DCN-JOC News Services
'Lynn Marie' completes tunnelling journey
METRO VANCOUVER—“Lynn Marie,” a tunnel boring machine cutter head, is lowered into a shaft as part of work on the Second Narrows Water Supply Tunnel.

VANCOUVER—A historic tunnel excavation has been completed on the Second Narrows Water Supply Tunnel in Vancouver.

The infrastructure project aims to make the region’s drinking water system more earthquake resilient and help meet growing demand for safe drinking water.

“The tunnel underneath the Burrard Inlet was excavated with the first slurry tunnel boring machine to be used in Canada, and the work was being done up to 100 metres underground,” said Sav Dhaliwal, chair of Metro Vancouver’s board of directors, in a statement. “Completing this tunnel is an important milestone in this project and a remarkable testament to the innovation that is being used in Metro Vancouver to bring clean drinking water from the North Shore to the rest of the region.”

The work required crews to first dig a 50-metre-deep vertical entry shaft on the north side of the inlet as well as a vertical exit shaft more than 100 metres deep on the south side. The tunnel boring machine — 135 metres long, with a 6.69-metre cutting diameter and nicknamed Lynn Marie — launched from the north shaft in August 2020.

The 6.3-metre-diameter, 1.1-kilometre-long tunnel was excavated 30 metres below the bottom of Burrard Inlet, east of the Ironworkers Memorial Bridge. With an internal diameter of 5.8 metres, the Second Narrows Water Supply Tunnel is one of the largest tunnels ever built by Metro Vancouver. It runs between a Metro Vancouver works yard in the District of North Vancouver and Second Narrows Park (also known as Montrose Park) in Burnaby.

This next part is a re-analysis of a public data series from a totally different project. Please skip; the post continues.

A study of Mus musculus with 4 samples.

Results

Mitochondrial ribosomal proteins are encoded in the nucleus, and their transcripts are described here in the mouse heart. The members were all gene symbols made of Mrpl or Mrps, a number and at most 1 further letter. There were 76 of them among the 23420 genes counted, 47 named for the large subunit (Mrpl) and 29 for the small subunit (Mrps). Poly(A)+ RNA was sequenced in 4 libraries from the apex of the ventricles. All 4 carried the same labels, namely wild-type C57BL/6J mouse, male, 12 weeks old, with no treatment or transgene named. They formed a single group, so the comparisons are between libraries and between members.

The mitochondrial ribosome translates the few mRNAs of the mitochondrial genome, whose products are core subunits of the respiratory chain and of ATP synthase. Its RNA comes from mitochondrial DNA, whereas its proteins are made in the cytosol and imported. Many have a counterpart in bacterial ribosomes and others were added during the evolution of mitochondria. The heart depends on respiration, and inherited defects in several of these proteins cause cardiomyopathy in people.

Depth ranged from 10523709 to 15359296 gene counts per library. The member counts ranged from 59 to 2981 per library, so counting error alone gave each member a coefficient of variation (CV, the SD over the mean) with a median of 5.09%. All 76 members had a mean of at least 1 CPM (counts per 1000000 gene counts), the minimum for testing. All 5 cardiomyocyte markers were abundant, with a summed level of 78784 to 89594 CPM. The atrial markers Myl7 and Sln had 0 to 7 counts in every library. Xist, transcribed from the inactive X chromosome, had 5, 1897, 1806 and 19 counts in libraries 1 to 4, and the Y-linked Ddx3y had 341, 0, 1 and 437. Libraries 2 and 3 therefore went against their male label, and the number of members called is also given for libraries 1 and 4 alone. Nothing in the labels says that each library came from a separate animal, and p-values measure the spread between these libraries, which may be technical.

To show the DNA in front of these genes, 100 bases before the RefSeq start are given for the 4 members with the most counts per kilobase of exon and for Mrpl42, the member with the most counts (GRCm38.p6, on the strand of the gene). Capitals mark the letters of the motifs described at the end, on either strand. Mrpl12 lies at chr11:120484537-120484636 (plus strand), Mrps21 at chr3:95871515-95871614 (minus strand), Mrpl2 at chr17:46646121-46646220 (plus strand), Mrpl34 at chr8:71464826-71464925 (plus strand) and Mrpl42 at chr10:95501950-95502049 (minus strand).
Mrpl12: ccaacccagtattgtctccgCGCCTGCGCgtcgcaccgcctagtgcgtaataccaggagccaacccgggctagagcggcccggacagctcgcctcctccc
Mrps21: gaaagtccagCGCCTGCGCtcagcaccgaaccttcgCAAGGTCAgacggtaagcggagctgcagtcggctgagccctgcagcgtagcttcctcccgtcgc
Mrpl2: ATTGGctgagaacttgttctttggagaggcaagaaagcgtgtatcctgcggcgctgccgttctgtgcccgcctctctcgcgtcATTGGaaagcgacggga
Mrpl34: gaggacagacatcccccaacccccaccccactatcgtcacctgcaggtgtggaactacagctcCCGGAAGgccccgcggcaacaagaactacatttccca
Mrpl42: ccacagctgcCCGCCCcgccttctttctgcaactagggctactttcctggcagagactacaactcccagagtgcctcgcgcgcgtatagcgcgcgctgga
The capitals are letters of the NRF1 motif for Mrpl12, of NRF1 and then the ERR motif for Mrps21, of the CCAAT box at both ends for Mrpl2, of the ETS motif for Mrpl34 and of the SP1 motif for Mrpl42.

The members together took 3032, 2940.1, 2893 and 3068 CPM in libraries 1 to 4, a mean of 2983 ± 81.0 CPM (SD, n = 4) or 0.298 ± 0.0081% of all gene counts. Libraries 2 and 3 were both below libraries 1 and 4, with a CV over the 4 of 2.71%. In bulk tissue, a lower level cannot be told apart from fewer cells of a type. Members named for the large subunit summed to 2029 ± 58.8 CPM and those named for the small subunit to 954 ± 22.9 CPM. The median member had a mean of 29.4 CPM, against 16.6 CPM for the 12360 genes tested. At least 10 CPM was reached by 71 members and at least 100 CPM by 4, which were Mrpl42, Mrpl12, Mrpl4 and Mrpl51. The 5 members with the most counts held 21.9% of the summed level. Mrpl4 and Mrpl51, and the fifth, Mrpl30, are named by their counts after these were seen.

Crews now must place three steel watermains, one 1.5 metres in diameter and two 2.4 metres, inside. The mains will then be connected to the existing water system with new valve chambers.

“The new tunnel and watermains will replace three existing shallow buried watermains that went into service between the 1940s and 1970s, which are vulnerable to damage during an earthquake and are nearing the end of their service lives,” said Malcolm Brodie, chair of Metro Vancouver’s water committee. “Metro Vancouver is constantly upgrading its water supply system to maintain the quality and reliability of the region’s excellent drinking water, and to make the system more resilient.”

Metro Vancouver supplies nearly 2.7 million people with drinking water each day. This project is one of five new regional water supply tunnel projects that are being constructed to meet current seismic standards and increase capacity. The Port Mann Water Supply Tunnel went into service in 2017 and preparation is underway for construction of the Annacis Water Supply Tunnel.

Construction on the Second Narrows Water Supply Tunnel began in 2019 and the project is expected to be complete in 2025. The construction budget is $445 million.